In a city with James Beard Award-nominated restaurants Mixtli and Cured, Culinary Institute of America Chef Justin Ward wants San Antonio school cafeterias to step up their culinary game.
Reflecting on the cafeteria food of his past and the lunch lines of San Antonio Independent School District's present – a typical week's menu includes mini corndogs, cheeseburgers, burritos, turkey and cheese sandwiches, and fish nuggets with various sides – Ward thinks schools can do better and should reinvent their menus.
"If they are serving fish in a square frozen patty that just goes in the oven, it will be the least popular item on their menu," he said. "Why not do a fish po' boy that has lettuce and tomato or fish and chips...You can take that same fish and instead of making it a plastic boat that no one ever eats, make it something worthwhile."
To that end, 18 child nutrition managers from SAISD gathered Monday morning at the Culinary Institute of America's campus at the Pearl for cooking lessons. Wearing red polos, black aprons, and hairnets, the group pored over recipes given to them by Ward at the beginning of a weeklong training that is part of a new partnership between the CIA and SAISD.
The collaboration aims to inspire the school employees who oversee kitchens at SAISD campuses to enhance their cafeteria menus and embrace new cooking skills and techniques. Before school starts in August, each of SAISD's 87 cafeteria managers will go through a weeklong seminar taught by Ward. They will then take what they learn and teach it to their own cafeteria staff, with the goal of standardizing kitchen procedures and preparing better meals that students are excited to eat.
"We are looking at a total of 575 culinary personnel that we have to train," Ward told the Rivard Report. "We aren't trying to do a 180 and take everything they know and toss it out the window. It is taking everything they know and improving upon it."
After spending a year and a half studying SAISD's culinary processes, Ward designed his program's curriculum around the food the district already uses.
Ward said he wants all the processes and recipes he uses in his seminar to fit in any kitchen in the district, whether it is "state-of-the-art or just bare bones."
At the beginning of the training, though, Ward said he likes to "just throw [the kitchen managers] to the wolves" to get a good sense of how they communicate and operate in a kitchen environment.
On the first day of a recent seminar, after the managers read through the recipes, Ward gave straightforward instructions: Start cooking and complete the recipes within an hour.
In a scenario similar to a competition cooking show, culinary managers entered the kitchen and in a frenzy, began prepping ingredients for an apple-carrot salad, Asian veggie wraps, chicken salad sandwiches, pork banh mi, mangoes with Tajín seasoning, peach crisp, and Texas cobb sandwiches.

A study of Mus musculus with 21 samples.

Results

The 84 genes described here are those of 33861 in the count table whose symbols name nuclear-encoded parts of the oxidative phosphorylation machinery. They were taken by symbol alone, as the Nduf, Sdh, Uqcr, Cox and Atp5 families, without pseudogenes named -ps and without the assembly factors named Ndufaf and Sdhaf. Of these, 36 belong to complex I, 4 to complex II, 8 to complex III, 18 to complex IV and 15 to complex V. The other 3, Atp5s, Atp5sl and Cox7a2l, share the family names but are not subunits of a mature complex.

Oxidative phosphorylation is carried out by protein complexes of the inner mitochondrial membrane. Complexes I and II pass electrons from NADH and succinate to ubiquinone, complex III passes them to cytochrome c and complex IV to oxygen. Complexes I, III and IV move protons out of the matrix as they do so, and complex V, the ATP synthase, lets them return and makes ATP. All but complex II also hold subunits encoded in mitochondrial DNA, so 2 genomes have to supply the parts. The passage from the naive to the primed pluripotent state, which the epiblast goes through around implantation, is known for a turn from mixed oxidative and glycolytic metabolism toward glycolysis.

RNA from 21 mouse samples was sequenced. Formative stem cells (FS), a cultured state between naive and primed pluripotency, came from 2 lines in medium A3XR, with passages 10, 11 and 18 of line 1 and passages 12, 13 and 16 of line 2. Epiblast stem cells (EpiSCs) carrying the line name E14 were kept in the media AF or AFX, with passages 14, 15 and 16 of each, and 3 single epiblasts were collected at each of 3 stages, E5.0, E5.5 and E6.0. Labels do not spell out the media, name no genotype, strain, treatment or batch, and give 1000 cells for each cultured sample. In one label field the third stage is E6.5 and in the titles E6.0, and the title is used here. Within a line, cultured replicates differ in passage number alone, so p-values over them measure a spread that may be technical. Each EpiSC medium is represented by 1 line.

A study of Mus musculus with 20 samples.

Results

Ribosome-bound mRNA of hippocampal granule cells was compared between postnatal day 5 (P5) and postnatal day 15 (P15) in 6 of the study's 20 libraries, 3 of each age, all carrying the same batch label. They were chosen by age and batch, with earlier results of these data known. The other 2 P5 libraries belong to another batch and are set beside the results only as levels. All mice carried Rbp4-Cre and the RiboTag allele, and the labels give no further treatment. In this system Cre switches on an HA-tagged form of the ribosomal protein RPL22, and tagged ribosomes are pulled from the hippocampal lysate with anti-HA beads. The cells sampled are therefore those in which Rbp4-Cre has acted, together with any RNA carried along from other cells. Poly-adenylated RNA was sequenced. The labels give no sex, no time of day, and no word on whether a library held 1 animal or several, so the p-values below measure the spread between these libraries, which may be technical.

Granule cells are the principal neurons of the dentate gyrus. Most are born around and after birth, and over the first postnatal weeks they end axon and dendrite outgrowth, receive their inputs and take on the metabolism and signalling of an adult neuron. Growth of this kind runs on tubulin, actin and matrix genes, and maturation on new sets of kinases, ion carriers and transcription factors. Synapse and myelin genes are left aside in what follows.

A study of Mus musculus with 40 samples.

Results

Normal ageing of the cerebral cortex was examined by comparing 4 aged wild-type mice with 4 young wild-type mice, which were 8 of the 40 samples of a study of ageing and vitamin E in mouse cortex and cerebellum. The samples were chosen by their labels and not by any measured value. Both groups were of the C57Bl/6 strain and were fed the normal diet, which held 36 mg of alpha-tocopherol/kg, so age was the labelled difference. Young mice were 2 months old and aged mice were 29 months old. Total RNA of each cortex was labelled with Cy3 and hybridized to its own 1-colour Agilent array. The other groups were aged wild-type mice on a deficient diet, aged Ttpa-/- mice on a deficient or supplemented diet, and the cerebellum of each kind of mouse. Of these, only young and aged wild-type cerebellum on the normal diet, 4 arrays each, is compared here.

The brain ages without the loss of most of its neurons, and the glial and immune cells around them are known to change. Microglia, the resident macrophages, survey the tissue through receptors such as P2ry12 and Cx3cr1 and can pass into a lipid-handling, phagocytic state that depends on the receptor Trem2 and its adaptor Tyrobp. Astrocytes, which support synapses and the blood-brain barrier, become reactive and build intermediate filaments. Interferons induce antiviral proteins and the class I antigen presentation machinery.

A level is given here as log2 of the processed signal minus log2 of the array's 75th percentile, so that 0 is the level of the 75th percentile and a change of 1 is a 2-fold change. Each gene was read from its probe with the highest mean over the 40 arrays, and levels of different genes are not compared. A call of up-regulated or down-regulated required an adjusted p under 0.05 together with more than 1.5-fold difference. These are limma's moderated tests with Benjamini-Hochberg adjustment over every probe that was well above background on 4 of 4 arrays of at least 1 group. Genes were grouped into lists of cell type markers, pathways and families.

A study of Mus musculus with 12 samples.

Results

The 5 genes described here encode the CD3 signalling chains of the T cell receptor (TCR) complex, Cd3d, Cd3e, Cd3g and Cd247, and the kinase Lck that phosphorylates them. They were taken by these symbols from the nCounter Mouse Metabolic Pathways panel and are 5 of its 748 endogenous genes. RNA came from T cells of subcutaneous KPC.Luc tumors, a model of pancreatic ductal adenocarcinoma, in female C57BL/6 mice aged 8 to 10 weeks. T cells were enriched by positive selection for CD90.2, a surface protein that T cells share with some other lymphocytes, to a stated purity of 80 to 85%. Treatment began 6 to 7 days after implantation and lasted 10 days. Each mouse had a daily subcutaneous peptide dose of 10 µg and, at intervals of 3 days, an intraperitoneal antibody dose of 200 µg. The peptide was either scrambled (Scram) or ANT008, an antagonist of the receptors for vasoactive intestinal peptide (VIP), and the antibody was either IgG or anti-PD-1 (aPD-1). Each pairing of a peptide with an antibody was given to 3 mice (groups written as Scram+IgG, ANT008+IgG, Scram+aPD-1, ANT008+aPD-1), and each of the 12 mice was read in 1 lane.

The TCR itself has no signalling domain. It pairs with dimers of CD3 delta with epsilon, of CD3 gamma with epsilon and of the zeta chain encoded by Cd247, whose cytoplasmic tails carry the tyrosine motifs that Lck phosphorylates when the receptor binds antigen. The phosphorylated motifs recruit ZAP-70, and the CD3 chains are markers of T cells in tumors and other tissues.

Participants divided into teams and went to work.
As Brenda Whitaker, manager at Sam Houston High School, stood at the stovetop, reducing fruit juice with cinnamon for the peach crisp dessert, Melissa Perez, who oversees a team at Poe Middle School, mashed up avocado for the cobb sandwich. Each of the managers focused on completing their tasks, all the while receiving prompts from Ward.
"Did you taste this?" Ward, adopting the role of cooking show host, asked the team making the apple-carrot salad. "How do you know it is good if you haven't?"
When the hour ticked into its final minutes, one group of seven managers crowded around the Asian veggie wrap station, holding tortillas spread with globs of black bean puree in the air, as others attempted to stuff the wraps with strips of cucumber, red bell peppers, and red onions. Beans began to drop off the tortillas, and the hour ran out.
While no buzzer sounded and no culinary manager was "chopped" from the training seminar, Ward did use this haphazard assembly line as an example of how cooking can go awry without proper processes in place. He stressed the need for consistency and communication in school kitchens, where few of the employees have prior culinary experience.
"Public schools don't have a culinary background, and there isn't culinary experience needed to get a job with SAISD ... so you have people in the hospitality industry that don't have the experience," Ward said. "They are feeding thousands of students each day. ... It is a completely different animal that you need structure to do."
SAISD provides meals to 95 district sites, serves 80,000 student meals every day, and 16 million student meals per year.
The scale of the SAISD's culinary operations is why one of Ward's key priorities for his trainees is to build strong lines of communication. This will help kitchens serve students better, Ward said, which is the ultimate priority.
Ward's other big focus of the weeklong seminars is knife skills. On their first day, trainees learn proper techniques to chop vegetables into consistent sizes and shapes; throughout the week, Ward builds on this knowledge with additional lessons.
The weeklong seminar culminates with a grand finale luncheon that features a menu of fish and chips, chicken Parmesan sandwiches, Mediterranean veggie boats, and Southwest chicken salad with jalapeño honey mustard and honey butter rolls. All of the meals can be made with ingredients already used in SAISD kitchens.
Kris Brown, who manages the kitchen at Burbank High School and oversees a team that serves 800 meals each school day, said he was excited to participate in the program and thinks it will give him the opportunity to provide better meals to his students.
"We want to give our kids the freshest food possible, and this teaches us how to do it and how to do it well," Brown said.
In the coming months, Ward will work with his newly trained managers to extend the training to the rest of SAISD's culinary staff.